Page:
A Monday night in January when the temperature is 19 degrees isn’t the best time to realize everything you believe about the Catholic Church is a minority opinion. But there I was, driving to my parish church in the wake of a massive snowstorm that buried much of New England, leaving my region racked by blasts of cold of interstellar intensity. I hoped the church would warm me up. Little did I know I know I was about to enter what could be called Church, Inc., where bureaucracy’s narrowing vision and corruption of language have done damage to many of my fellow Catholics.
There were only about 20 people there, including the pastor and the parish council. The church was built, we were told that night, as a Vatican II church, but later refurbishing put the tabernacle behind the altar, now a lovely Italian marble instead of the ugly white Lego box it replaced a few years ago. The parishioner who told us this story seemed to miss the old altar for the fellowship it afforded everyone without the tabernacle in the way, but I could be wrong.
At Pope Francis’ request, Catholics throughout the world are supposed to gather this year on a listening journey to, well, listen to one another. I recognized some faces and knew a few from living in the neighborhood. The trouble started when I walked to the microphone. I didn’t prepare much, and so launched into a passionate litany of dismaying aspects of our parish life that I think need addressing: the lack of a spirit of adoration in our liturgy due to the boomer musicals steeped in a sentimentality that reeks of the 1980s, the lack of prayerful quiet in the church, the priest’s bad habit of cracking jokes at the end of Mass, the loss of focus on saving our souls, and so forth. Then someone on the parish council asked what I meant by a “spirit of adoration.” At that moment, I knew I was deep in the belly of Church, Inc. Let me explain.
Yes, the church needs organization, paid staff, and donuts after Sunday services, but with Church, Inc., these realities take on an entirely new meaning. They become an end in themselves. If this sounds like the church focusing on itself too much, it is exactly the opposite, for, in this misapplied purpose, the church simply mirrors the world, and when she does that, she fails.
Or, better, we fail her because we see her in a natural frame that diminishes her supernatural purpose: the salvation of souls. But you wouldn’t know that from our listening session. You would see a church overtaken by a fear that the world will find her lacking in self-doubt and self-accusation in regard to sins of exclusivity, favoritism, racism, and lack of accompaniment. When a parishioner asked our pastor if he had ever — just once — turned away someone who was seeking help, and the reply was “no,” I thought the bubble of unreality was going to burst, but it didn’t. The reason it didn’t is not obvious, but once you start examining how the employees of Church, Inc. use language, things start to clarify.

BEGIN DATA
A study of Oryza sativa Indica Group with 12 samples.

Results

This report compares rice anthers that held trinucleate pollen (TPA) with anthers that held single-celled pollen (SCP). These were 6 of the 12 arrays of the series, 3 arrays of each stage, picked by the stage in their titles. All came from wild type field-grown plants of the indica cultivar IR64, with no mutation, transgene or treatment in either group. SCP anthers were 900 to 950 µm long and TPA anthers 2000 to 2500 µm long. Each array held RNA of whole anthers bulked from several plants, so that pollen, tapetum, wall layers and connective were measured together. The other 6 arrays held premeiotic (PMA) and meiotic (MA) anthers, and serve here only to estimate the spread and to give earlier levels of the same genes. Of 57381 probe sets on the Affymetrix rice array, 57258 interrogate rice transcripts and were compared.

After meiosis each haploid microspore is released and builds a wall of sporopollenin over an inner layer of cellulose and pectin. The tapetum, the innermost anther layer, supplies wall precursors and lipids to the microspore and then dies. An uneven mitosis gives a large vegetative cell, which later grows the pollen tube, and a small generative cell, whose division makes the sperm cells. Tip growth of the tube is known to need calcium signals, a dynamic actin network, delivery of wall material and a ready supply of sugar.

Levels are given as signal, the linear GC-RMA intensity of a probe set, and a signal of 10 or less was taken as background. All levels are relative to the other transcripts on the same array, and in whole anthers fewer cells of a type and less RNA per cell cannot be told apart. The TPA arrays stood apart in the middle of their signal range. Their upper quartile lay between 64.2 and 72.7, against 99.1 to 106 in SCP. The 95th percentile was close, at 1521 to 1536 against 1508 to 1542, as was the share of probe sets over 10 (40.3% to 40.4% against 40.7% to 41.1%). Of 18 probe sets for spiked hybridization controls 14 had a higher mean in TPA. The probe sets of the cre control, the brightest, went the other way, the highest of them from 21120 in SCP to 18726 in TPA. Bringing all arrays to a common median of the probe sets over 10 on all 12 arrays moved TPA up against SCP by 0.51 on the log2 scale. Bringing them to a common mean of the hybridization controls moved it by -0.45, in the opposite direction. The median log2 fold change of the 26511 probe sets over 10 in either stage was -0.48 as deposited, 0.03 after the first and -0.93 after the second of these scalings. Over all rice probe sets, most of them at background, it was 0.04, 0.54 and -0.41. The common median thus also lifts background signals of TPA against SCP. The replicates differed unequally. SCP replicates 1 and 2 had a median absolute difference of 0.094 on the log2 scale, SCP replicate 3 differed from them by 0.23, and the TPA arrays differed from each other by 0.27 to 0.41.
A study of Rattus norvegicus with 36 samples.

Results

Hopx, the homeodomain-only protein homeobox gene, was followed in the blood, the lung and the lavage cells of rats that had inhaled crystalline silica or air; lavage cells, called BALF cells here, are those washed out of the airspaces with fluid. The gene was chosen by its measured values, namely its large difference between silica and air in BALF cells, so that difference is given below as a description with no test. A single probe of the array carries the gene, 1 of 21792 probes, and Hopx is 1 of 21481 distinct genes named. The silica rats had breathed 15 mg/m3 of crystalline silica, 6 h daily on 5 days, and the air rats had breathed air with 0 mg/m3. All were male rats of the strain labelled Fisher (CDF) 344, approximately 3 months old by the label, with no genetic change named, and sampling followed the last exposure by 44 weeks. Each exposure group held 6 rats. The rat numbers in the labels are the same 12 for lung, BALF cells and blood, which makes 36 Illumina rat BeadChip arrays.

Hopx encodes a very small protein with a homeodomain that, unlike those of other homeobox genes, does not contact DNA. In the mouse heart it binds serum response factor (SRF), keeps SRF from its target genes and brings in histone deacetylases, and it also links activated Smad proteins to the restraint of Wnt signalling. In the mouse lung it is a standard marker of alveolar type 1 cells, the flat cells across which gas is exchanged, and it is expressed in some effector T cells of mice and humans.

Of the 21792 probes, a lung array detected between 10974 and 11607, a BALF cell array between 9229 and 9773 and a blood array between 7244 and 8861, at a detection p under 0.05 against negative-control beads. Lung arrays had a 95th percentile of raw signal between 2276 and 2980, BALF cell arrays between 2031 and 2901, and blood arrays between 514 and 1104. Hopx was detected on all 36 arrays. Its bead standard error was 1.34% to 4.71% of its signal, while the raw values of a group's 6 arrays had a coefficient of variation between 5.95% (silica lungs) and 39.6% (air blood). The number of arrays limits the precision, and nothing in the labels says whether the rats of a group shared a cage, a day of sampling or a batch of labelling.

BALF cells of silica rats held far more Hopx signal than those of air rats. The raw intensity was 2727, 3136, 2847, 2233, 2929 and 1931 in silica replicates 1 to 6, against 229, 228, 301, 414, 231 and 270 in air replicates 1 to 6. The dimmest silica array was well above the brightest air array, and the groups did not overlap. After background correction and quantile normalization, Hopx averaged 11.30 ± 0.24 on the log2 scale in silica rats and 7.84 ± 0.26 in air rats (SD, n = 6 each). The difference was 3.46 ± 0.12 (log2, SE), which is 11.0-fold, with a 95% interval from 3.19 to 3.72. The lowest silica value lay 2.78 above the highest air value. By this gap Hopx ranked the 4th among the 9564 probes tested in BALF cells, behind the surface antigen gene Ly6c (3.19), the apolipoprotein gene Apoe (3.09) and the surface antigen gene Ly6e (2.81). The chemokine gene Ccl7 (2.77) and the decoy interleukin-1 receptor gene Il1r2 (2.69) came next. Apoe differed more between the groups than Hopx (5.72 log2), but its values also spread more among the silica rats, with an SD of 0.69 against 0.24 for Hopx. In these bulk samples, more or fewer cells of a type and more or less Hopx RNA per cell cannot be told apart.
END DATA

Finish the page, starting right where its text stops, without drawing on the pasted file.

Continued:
As Sebastian Morello, a journalist and former student of the late Roger Scruton, put it, there is an infestation of “Ecclesiastical newspeak” in the Catholic Church that forms a false reality using language in which words signify something directly opposite their actual meaning: theology opposes doctrine, pastoral means excluding anyone traditionally minded, accompaniment affirms the sin with the sinner for God help us if we “condemn” anything anyone actually does. Even the so-called “New Evangelization” marketed under St. John Paul II often enough means never directing the Gospel message to those who have never heard it. (READ MORE: The Pope’s Horizontal Church)
I did take a journey of sorts in my memory on the drive home. I thought of when I discovered musicians in high school such as Crosby, Stills, Nash, and Young and realized these guys strum guitars much better than the choir at church, so why go to Mass on Sundays when I could skip off to my friend’s house and hear better tunes? That’s one of the truths that Church, Inc. can’t understand. When it comes to doing anything except adoring the one, true God in ritual worship handed on through the centuries, the world always has the better business plan. Worldliness, after all, is what the world does best.
I learned a lot that night, some of it painful, like my own impetuosity about what needs fixing in the church despite all the fixing that needs doing in my own soul. But more to the point, I painfully pondered this thorny question: if the leaders of the church fail to show her children the way to answer the deepest longing of their souls — the yearning for eternal friendship with God — who will step in, and show us? My dear shepherds, I am still listening.
Michael J. Ortiz teaches at The Heights School in Potomac, Maryland.